Religion Column — To thine own self be true
Published 7:00 am Saturday, December 12, 2020
By Fr. Jonathan Filkins
In one of William Shakespeare’s best-known plays, we find the principal character Hamlet bent on avenging his father’s death. The setting is Elsinore Castle in Denmark, replete with a ghostly being, intrigue, mental issues, and all manners of traits of a seriously dysfunctional family. There are poisonings, stabbings, and a suicide to bring the tragic story home. In the end, nothing is resolved. Fortinbras, a Norwegian prince, enters the final scene, finds the entire royal family laid out before him, and makes a move to take over the kingdom. Horatio, a friend of Hamlet’s, requests a military funeral, and we see Hamlet carried off on the shoulders of the soldiers. Needless to say, this is not known as one of the Bard of Avon’s comedies.
Entire theater companies are devoted to Shakespeare’s voluminous creations. Most school children are aware of who he was and what he wrote. The prestigious Julliard School requires their students to complete a comprehensive study. Certainly, Shakespeare’s elegance, over the centuries, stands out as one of the finest plays ever written. Most all of us have heard the oft-repeated question, “to be, or not to be?” which again comes from the play, “Hamlet.”
One of the play’s ancillary characters is flighty Polonius; who creates intrigues at every turn, delighting himself as the resident know it all and busy-body. He is particularly recognized for his consistent errors in judgement. Yet, in spite of all of the surrounding ills, Shakespeare chose him to deliver some of our most favored expressions.
When parents sit down with their children to provide them some guidance to their young lives, they not only will reflect on their own experiences, but the experiences of others. It is a common position to intone, “If I only knew then, what I know now, just think what I could have done!” Polonius is doing precisely this with his two children, Ophelia and Laertes. In his soliloquy, Polonius tells them, “To thine own self be true.” Now, as his children were mocking him behind his back, these words carried little import. Of course, this type of behavior many parents may find to be similar.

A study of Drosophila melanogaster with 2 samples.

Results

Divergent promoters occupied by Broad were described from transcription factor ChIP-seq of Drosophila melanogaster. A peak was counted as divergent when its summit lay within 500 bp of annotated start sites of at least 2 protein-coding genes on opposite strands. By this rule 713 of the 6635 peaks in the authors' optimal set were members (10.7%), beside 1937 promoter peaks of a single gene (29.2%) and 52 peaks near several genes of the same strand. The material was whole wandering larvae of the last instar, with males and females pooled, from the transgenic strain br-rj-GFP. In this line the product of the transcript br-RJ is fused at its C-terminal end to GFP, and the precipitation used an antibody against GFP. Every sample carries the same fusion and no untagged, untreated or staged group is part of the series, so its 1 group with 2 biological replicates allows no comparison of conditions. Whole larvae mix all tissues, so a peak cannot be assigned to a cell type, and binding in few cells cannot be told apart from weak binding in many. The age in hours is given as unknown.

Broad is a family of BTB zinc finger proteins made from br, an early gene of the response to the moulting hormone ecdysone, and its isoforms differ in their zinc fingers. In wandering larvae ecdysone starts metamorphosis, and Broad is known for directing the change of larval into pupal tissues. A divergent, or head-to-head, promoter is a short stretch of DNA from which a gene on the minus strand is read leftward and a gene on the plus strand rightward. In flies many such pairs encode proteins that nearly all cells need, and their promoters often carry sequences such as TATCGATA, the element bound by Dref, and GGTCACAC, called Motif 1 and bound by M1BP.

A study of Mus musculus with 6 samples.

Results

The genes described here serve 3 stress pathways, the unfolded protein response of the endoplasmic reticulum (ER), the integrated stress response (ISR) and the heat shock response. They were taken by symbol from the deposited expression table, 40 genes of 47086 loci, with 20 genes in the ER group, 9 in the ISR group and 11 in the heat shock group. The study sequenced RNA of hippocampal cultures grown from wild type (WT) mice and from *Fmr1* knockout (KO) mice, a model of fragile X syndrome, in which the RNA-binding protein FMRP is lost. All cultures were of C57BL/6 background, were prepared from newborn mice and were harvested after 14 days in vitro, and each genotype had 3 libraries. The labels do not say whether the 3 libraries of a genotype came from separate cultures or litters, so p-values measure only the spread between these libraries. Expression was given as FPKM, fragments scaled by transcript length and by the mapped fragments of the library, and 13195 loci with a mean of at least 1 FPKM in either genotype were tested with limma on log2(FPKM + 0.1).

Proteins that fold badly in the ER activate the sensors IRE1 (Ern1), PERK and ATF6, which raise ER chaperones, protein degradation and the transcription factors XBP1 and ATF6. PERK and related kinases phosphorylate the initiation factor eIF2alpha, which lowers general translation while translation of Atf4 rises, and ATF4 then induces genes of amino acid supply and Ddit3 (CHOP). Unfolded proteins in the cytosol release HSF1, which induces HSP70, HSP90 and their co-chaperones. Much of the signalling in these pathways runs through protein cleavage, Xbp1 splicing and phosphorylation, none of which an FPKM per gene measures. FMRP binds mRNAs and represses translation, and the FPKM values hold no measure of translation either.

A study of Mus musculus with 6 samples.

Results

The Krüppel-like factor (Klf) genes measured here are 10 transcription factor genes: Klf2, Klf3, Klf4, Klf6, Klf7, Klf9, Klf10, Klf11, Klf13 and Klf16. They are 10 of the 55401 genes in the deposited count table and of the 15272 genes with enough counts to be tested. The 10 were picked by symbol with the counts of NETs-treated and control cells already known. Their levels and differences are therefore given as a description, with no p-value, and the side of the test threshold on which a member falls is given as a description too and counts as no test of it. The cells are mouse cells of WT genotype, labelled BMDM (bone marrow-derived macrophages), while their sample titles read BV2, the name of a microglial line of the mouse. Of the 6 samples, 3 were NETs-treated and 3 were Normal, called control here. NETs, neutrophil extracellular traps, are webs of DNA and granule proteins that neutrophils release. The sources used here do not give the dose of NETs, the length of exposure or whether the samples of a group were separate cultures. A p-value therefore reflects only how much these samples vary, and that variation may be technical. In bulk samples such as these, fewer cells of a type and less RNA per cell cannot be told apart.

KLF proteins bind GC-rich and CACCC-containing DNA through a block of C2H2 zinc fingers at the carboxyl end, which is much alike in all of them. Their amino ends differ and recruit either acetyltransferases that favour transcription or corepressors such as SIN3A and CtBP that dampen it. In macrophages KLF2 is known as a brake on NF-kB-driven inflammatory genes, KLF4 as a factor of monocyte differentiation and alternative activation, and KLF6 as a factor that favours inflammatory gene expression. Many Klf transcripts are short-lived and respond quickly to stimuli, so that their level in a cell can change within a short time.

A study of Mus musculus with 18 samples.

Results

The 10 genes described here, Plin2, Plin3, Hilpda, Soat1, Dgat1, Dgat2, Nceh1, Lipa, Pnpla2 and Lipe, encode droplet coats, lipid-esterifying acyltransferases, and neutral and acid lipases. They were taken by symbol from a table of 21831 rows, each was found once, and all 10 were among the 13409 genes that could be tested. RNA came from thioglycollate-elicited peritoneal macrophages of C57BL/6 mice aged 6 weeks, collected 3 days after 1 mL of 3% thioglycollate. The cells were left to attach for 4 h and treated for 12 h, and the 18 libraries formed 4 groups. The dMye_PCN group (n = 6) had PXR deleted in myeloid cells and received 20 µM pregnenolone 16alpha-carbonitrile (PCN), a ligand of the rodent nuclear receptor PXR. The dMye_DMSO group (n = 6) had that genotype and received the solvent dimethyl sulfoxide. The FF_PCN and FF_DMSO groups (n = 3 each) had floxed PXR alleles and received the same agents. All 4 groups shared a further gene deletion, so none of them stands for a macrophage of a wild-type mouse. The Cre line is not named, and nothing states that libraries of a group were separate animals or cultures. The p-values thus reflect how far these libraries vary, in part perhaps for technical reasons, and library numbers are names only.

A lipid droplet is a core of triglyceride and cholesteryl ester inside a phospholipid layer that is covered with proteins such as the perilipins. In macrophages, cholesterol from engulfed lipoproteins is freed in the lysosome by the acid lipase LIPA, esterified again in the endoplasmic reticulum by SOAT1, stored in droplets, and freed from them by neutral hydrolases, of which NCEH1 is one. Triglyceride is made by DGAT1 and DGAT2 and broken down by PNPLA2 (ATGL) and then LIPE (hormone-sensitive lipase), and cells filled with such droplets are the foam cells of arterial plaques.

Yet, as all persons have some worth, at least in the intrinsic sense, these words from Polonius are of great value to us; as they reach to the core of our values and beliefs. What Shakespeare is advising us is there are many false paths to follow along our journey of life. Being true to ourselves requires us to discipline ourselves, in every sense. Consider the Ten Commandments and the Sermon on the Mount, in the Gospel of Matthew, as good places to start.
Being true to oneself also recognizes the individual design of each of us. We are told that we are called to a whole multiplicity of professions, vocations and skills. Few of us, if any, have met another person exactly like someone we have met before; or even ourselves. Yet, all of us have this call to be “true.”
The Apostle Luke, in his Gospel, related that Jesus asked, “For what is a man advantaged if he gains the whole world and lose himself, or be cast away?” It is as much a directive as a question. If a man, or a woman, being true to themselves follow the directions of our Savior, then they are indeed true to themselves. If, however, they deceive themselves, and others, in their worldly designs, they are, by definition, untrue. To be misleading ourselves about God is anathema and to be lying to God is calamitous.
Accepting Christ Jesus does not necessitate reading the entire Bible to have an understanding of his message to us. In addition, the advisement, “To thine own self be true” does not require reading the entire play, “Hamlet,” for it stands alone in its simplicity. They ask each of us to regularly discern our own selves and how we exist. This means understanding our place in the world and our place with God. If we are unsure if we are true to ourselves, then we are likely not, and should seek guidance: in both prayer and study.